Are You Sure Your Brown Bread Is Healthier Than the White One?
You follow the thumb rule: if its white don’t take a bite. But how do you pick between a baguette, bagel, bun, flat bread, or sandwich bread made in whole wheat, oatmeal, whole grain, multi-grain, rye, sesame, soy, with gluten or without gluten?
With an aisle full of options, how do you decide which bread is worthy of your bucks and nutrition?
Scroll down as we play Sherlock to decode various buzzwords about bread:
‘Brown’ Doesn’t Mean Wholesome or Healthy
You don’t need a PhD in food labels to know this.
Behind the pretty packaging and clever sounding health labels, most brown breads are mostly dyed white breads.
Yes, manufacturers are actually taking white bread made of white flours, stripping them of their nutrients, adding chemicals to make it look gorgeously brown and crusty and dyeing it to make it look healthy.
So cut through these clever marketing tricks and look at the label.
The first ingredient usually tells the story. If it reads, ‘wheat flour’, ‘enriched with wheat flours’, ‘bleached with flour’ or some such, then beware. These are just ugly refined flours, stripped of all the goodness of wheat, are bad for diabetics and can shoot up your bad cholesterol.
Multi-grain Is Not Necessarily Healthy or a Whole Wheat Product
Multi-grain only means multiple grains have gone in the manufacturing. Rice is a grain, quinoa is a grain and grains are built of different edible parts. Unless the label says, whole multi-grain, it is just the processed, refined grain with no fibers which has been used.Kanchan Patwardhan, Nutritionist
Don’t Be Fooled By These Terms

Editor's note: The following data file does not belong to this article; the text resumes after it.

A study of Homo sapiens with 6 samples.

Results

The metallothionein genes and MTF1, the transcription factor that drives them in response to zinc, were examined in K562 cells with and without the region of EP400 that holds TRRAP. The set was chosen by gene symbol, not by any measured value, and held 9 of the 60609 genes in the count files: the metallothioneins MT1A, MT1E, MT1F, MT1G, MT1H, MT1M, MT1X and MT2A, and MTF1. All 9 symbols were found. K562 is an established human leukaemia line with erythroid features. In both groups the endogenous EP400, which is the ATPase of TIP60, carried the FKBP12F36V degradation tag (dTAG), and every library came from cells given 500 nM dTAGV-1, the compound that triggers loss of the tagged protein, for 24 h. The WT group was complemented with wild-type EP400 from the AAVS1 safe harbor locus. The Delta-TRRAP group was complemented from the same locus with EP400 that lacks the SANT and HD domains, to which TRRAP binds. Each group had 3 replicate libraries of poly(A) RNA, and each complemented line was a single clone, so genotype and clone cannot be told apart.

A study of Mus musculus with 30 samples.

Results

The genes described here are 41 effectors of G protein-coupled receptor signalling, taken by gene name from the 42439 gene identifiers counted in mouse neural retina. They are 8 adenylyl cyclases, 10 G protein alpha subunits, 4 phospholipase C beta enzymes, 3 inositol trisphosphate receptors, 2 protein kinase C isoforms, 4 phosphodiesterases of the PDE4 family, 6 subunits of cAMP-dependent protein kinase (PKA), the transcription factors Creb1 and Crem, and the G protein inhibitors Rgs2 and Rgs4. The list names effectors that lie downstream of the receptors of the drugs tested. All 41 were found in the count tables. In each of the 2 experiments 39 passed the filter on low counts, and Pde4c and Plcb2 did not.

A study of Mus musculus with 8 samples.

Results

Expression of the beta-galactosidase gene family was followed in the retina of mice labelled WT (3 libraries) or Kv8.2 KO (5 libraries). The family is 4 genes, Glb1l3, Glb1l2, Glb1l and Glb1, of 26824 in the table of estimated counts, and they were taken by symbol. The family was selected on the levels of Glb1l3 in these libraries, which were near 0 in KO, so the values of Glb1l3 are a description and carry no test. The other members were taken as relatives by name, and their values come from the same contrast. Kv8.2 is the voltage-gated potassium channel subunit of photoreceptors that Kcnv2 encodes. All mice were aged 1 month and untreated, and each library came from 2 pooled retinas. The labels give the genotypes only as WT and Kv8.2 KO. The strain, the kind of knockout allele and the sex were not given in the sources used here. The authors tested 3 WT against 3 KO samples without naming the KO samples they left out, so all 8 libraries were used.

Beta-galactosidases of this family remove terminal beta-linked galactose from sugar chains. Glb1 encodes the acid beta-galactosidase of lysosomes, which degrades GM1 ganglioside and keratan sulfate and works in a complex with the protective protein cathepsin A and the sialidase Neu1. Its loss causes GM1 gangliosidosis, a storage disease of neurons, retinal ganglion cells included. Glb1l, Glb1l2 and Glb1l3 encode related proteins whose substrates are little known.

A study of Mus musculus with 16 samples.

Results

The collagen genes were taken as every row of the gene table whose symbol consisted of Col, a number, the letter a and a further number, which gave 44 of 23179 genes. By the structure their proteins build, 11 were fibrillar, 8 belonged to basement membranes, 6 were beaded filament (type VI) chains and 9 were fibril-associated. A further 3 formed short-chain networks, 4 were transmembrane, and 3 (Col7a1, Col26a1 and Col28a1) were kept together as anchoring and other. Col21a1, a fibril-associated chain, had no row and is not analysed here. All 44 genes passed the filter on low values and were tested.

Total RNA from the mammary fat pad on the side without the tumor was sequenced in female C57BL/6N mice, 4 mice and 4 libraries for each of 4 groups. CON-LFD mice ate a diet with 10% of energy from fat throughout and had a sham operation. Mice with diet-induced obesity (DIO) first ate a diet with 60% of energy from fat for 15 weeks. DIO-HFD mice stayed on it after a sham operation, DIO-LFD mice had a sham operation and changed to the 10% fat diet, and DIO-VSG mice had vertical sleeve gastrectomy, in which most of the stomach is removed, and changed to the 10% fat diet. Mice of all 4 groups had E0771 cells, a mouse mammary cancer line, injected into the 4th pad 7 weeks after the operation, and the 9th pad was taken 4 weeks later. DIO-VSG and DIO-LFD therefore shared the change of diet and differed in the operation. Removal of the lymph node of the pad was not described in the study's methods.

Whole Grain White - Whole grains might be the new fad but this label does not guarantee healthy. In fact, it is just white bread in disguise with a small percentage of wheat flour.
12 grain, 9 grain, 7 grain - Bullcr*p. All that it means is that 12, 9 or 7 grains have been sprinkled on top. There are no regulation for the amount of grains to be added for it to be a multi-grain bread.
Made/ Enriched With Whole Grain / Good Source of Whole Grain:- Sounds delightfully nutritious but it’s really just smoke and mirrors. Manufacturers use a majority of white flour and a portion of whole wheat or some other grain flour. Unless it clearly says 100% whole wheat, it is not worth choosing.
Added Wheat Flour: If that’s all that’s mentioned and the percentage of wheat is not specified then it’s usually 75% maida and 25% atta. It’s a dietary no-no.
Holy Grail Of Bread Shopping: ‘100% Whole’ Is the Key
According to the US Food and Drug Administration, a product can be called ‘whole’ if at least 51% of its structure and ingredients remain intact after milling.
So ignore the name/type/packaging of the bread and look for two things:
1) The stamp of ‘100% whole’ - Rye, barley, wheat, rice, sesame, oatmeal or any flavour of your choice. But ‘100% whole‘ will mean the goodness of fibers, vitamins, iron and magnesium is intact.
2) The ingredient ‘100% whole’ has to be the top ingredient in the label. Rule of thumb - the earlier an item comes on the label, the more of it is there in the food.
Your Takeaway: Fine print matters. So put on your glasses and read that reaallyyy tiny text which the company doesn’t want you to read!